Do you remember the days as a child where acting was dressing up as an animal and making noises? Those days were simpler. But what if I told you there is room for that in an actual studio produced film? Focus Features has a new thriller coming your way from writer/director Nathalie Biancheri, Wolf. If a film boasts a clever or intriguing concept, that can go a long way in capturing an audience. I think saying your film is about a group of young people who are all convinced that they are specific animals goes a long way in making a “money” film. It certainly was for me!
But here is the thing, is Wolf going to capture the imagination of general audiences? First off, the actual concept here is fully realized with these young actors committing fully to those animal roles. Take those committed performances and throw them into a claustrophobic setting of an institution and serious magic happens. There is a quality antagonist in an oppressive and abusive doctor known simply as “The Zookeeper ”. But is this all enough? Biancheri’s narrative is not the most complex but that is not necessarily a bad thing. But what is disappointing is that the story never feels fully realized and you kind of just…end the movie. This film is much more of an experience than a compelling narrative.
Even if that narrative is not the most compelling, does this film at least have something to say? This is one big allegory for oppression of people for being themselves. Then you have plenty of thoughts on being who you are despite others trying to change you. The only issue is that these themes are obvious with a distinct lack subtly. You know from the start what this film is and never really rises above these important but simplistic ideas.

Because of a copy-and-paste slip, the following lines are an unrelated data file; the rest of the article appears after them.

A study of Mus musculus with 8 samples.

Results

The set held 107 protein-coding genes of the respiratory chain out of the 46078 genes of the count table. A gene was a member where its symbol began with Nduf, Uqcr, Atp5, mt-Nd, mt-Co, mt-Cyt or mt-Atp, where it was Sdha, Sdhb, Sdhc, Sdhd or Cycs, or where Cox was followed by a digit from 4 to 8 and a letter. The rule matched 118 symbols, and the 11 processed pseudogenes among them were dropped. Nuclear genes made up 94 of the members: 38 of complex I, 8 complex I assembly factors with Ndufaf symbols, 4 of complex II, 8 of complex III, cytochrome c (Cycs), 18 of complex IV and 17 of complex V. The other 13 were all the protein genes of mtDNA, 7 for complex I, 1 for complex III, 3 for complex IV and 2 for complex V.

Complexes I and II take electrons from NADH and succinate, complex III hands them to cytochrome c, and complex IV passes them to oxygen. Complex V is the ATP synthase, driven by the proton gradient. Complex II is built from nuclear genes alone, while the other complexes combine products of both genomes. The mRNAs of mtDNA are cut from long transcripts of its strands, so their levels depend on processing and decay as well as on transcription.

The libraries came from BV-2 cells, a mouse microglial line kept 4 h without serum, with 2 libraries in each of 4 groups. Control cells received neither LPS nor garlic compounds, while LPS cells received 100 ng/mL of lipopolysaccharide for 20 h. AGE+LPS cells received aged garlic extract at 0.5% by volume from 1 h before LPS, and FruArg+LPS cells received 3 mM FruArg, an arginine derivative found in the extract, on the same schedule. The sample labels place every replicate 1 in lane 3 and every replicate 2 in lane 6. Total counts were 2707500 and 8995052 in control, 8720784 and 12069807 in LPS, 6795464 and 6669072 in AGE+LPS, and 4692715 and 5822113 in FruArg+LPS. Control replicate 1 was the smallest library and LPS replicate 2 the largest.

Does Biancheri shine with her work behind the camera? This is a sharp and striking film that is engrossing at every moment. There is an engrossing nature about her film that draws you in and keeps you there. Biancheri shows a deft ability to create tension and keep her audience on edge. There are multiple scenes that begin quite simple but gradually and effectively wind up the tension. One scene (paired with impressive performances all around) pacts a visceral punch that is hard to ignore. Fun transitions into fear and tension so precisely. Biancheri has plenty of talent in that director’s chair.
But what is really the crown jewel of this film? The performances. There is some of the best animal acting I have ever seen in this film (that might sound like a silly and facetious statement…but I am dead serious). George Mackay’s physicality is off the charts as he balances the role of conduit for the audience with being a fierce and powerful “wolf”. The way he moves and engages with the rest of the cast is mesmerizing. Lily-Rose Depp rises to the occasion as well as “Wildcat” with one intimate scene capturing the raw magnetic chemistry between these two young actors. Then you have the veteran presence of Paddy Considine that sparks fear and discomfort in every frame. He is ferocious and fiery underneath a pretentious and pious façade. Top notch villainy for the film.
Odd and intriguing but is it worth your time? With so much promise, there is a feeling that this could be a transcendent type of film but instead leans nicely into being a high-level B-movie. Intense and committed performers do wonders to elevate this blunt and straightforward script. Wolf might not be one of the best films you see this year, but it is a crazy ride worth taking.